Moving to Another State: Relocation and Mortgage Tips

Moving to Another State

Moving is a hassle under the best of circumstances, but relocating to another state can be truly daunting. Unless you want to live on the street, you’ll need to choose the right neighborhood and zero in on the right house before you ever hop on a plane.

To ease the burden and make life easier, you should seek out a mortgage lender that has plenty of experience with out-of-state relocation. Then follow a few simple tips to help make the transition smooth and simple.

Pre Approve for a Mortgage

It may seem counter intuitive to apply for a loan before choosing a home. After all, shouldn’t you have a house in mind before you call up a mortgage broker? The answer is no, particularly not if you’re moving out of state and particularly if you’re a first-time homebuyer.

The process may be more difficult if you’re moving across state lines, so it’s best to get started early and pre approve for that mortgage. The good news is that many mortgage providers allow you to fill out an online mortgage application to get the ball rolling.

Scout Neighborhoods

Before you start hunting for houses, you’ll want to hunt for neighborhoods. After all, it doesn’t really matter how quaint a house is if it’s located in the most remote or crime-ridden part of the city.

Start by searching Google Maps or other online references to get a sense of the overall neighborhood. In particular, you’ll want to search for the nearest:

  • Schools
  • Hospitals
  • Doctors
  • Grocery stores
  • Malls
  • Entertainment centers

If you have kids, look for safe neighborhoods near good schools. Thankfully, the internet is full of resources that reveal crime statistics and school rankings. You can also scour through online review sites to find the best restaurants, movie theaters, hairdressers, and nighttime hot spots.

Finally, search for articles related to the area; magazines love to run stories on the best and worst places to live, as well as insider tips for making the most of a given town or city. By thoroughly researching the locale, you’ll know what you’re getting yourself into, even before you make your initial exploratory visit.

Once you’ve pinpointed a good neighborhood, you can start your house search. Even by glancing through the listings, you can get a sense of the home prices in a given area. Of course, you’ll want to physically visit potential homes before committing to a purchase. Online resources are great, but reality on the ground always looks a bit different.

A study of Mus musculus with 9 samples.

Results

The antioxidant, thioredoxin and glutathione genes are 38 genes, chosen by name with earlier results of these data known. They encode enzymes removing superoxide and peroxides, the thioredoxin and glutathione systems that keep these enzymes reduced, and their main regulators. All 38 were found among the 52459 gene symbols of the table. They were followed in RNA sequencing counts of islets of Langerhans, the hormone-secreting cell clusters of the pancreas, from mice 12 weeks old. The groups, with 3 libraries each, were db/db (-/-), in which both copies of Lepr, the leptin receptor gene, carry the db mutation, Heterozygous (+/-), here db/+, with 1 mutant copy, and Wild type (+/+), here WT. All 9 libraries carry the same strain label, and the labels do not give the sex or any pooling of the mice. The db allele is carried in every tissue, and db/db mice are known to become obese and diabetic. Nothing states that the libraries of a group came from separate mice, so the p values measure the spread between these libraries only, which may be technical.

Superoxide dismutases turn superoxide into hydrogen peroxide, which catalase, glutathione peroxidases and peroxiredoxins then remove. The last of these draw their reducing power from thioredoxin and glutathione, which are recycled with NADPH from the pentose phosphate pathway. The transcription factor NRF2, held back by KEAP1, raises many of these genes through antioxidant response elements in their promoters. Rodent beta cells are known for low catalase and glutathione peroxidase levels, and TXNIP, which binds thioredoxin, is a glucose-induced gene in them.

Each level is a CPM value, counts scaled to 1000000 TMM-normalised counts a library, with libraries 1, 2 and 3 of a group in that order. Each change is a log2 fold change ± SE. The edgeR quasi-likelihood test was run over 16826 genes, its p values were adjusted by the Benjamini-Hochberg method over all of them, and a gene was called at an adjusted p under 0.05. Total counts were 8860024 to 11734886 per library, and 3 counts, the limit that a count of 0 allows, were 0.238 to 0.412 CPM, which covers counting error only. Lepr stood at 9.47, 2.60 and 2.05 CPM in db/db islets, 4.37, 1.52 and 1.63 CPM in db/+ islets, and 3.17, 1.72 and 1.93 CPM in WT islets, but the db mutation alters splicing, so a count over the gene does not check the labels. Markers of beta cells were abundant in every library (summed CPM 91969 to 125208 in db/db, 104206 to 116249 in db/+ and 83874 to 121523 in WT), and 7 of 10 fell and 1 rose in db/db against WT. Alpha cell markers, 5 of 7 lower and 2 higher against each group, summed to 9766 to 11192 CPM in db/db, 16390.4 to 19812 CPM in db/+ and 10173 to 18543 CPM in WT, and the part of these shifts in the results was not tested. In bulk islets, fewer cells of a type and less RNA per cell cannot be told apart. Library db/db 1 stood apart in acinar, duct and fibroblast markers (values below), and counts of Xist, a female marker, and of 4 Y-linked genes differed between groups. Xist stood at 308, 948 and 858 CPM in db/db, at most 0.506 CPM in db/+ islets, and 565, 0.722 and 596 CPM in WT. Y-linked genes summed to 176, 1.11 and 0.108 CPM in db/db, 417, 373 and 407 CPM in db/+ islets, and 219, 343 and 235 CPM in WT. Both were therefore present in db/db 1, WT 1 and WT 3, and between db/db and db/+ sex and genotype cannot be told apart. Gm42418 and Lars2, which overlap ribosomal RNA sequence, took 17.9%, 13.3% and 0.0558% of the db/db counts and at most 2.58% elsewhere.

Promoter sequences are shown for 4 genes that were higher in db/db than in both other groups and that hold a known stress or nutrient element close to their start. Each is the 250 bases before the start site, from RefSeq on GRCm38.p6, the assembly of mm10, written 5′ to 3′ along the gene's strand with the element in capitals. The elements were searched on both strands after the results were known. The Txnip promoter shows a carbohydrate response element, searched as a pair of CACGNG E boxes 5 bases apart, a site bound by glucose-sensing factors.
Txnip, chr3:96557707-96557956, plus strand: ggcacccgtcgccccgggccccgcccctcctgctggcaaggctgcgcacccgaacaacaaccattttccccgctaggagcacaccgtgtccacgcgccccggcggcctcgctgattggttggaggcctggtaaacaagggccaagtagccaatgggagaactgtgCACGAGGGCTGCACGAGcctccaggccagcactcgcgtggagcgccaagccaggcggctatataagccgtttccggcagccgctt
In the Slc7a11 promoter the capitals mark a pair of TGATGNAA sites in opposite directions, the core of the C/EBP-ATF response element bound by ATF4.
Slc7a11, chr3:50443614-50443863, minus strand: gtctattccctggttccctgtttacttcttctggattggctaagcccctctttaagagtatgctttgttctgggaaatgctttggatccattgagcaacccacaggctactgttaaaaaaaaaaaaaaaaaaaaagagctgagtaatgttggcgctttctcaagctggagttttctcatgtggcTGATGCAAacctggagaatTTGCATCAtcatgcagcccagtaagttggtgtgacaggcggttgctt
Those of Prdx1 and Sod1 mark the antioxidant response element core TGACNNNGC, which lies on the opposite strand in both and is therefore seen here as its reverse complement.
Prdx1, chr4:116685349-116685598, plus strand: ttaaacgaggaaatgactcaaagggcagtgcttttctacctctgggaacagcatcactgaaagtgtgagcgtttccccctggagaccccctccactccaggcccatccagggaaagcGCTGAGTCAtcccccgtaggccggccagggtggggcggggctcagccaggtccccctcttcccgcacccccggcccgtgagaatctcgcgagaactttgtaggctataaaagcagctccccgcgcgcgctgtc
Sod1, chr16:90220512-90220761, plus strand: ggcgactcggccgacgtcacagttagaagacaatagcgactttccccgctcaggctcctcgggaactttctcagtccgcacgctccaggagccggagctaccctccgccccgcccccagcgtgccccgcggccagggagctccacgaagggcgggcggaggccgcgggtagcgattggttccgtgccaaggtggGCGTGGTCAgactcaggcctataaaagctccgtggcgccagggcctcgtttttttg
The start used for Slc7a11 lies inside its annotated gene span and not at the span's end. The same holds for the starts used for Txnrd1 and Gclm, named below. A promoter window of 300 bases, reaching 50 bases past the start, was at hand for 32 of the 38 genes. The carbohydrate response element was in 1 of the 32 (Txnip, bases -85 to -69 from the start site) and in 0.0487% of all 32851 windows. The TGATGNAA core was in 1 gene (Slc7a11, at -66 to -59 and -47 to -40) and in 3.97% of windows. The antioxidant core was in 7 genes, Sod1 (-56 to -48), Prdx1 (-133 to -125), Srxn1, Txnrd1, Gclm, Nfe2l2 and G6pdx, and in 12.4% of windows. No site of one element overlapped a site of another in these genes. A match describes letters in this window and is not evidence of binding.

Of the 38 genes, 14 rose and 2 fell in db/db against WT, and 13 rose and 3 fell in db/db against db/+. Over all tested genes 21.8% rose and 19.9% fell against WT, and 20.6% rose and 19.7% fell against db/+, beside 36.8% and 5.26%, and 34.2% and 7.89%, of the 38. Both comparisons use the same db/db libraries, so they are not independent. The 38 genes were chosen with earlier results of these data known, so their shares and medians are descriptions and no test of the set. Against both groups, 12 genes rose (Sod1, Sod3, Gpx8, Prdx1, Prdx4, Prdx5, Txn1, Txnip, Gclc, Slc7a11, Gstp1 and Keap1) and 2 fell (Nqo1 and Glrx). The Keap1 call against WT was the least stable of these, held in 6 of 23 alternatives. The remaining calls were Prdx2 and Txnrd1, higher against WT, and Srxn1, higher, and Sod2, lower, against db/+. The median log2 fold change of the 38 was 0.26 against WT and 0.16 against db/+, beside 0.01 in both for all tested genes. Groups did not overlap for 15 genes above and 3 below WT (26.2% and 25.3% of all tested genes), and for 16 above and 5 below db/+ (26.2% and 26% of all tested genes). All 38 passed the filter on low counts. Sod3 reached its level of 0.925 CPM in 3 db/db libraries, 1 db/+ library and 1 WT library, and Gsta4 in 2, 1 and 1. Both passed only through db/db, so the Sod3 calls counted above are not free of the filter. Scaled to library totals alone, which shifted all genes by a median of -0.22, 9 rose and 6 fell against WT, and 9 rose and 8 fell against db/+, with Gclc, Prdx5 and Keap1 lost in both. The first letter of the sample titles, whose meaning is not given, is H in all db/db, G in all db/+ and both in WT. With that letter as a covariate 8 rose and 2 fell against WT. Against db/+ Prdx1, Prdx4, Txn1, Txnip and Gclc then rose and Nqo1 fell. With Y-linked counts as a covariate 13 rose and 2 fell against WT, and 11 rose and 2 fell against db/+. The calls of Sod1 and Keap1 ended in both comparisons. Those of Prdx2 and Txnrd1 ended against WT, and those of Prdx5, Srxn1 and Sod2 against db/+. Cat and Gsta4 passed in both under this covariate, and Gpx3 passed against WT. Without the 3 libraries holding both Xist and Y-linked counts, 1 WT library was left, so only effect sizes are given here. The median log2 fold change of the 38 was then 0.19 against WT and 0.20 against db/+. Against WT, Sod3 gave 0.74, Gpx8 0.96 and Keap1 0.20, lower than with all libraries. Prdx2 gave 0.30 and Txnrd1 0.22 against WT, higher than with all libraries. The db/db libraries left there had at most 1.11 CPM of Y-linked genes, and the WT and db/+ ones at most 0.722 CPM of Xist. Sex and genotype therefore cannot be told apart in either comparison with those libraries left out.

If you’re planning on lugging your furniture across state lines, measure every piece so you can determine whether the home you’re looking at is a good fit. Then pay a visit to some local schools. Only after seeing the neighborhood with your own eyes can you make a truly informed decision.

Obtain a Mortgage

Now it’s time to secure that loan. When working out the details, it’s sometimes best to think outside the box. While 30-year mortgages are fairly standard, there are other options out there that might be better for you. Let’s say you’re moving to another state because you just landed a higher paying job. It may be tempting to buy a bigger and better home, but sometimes it’s better to resist temptation.

Find a Home

Instead, consider using that extra money to shorten your loan term. If you have a decent enough job and can afford the monthly payments, lock yourself into a 15- to 25-year mortgage instead of a 30-year deal. That way, you’ll pay less interest over the long run and put yourself closer to actually owning a piece of property.

Try Renting

If you’re uncomfortable with committing to a purchase right away, consider renting for a few months. That will give you time to familiarize yourself with your new neighborhood. The additional moving costs and extra hassle may be worth it if you’re still unsure about the area or haven’t yet settled on the right home.

Prepare for the Move

Follow these simple steps to make the transition from one state to another as seamless as possible:

  • Transfer all academic records from your children’s old schools to their new schools.
  • Call up doctors’ offices and have them forward all medical and immunization records.
  • Cancel services at your old home, including phone, utilities, pool cleaning, lawn care, etc.
  • Hire a professional moving company or rent a truck.
  • Secure plenty of boxes and moving containers.

Finally, you don’t want to move into your new home and realize you’ll be spending a few days in the dark, without gas or running water. Make certain you’ll be moving into a functioning house by arranging for utilities to be up and running before you even walk in the front door.

Call A and N Mortgage for more information at (773) 305-LOAN.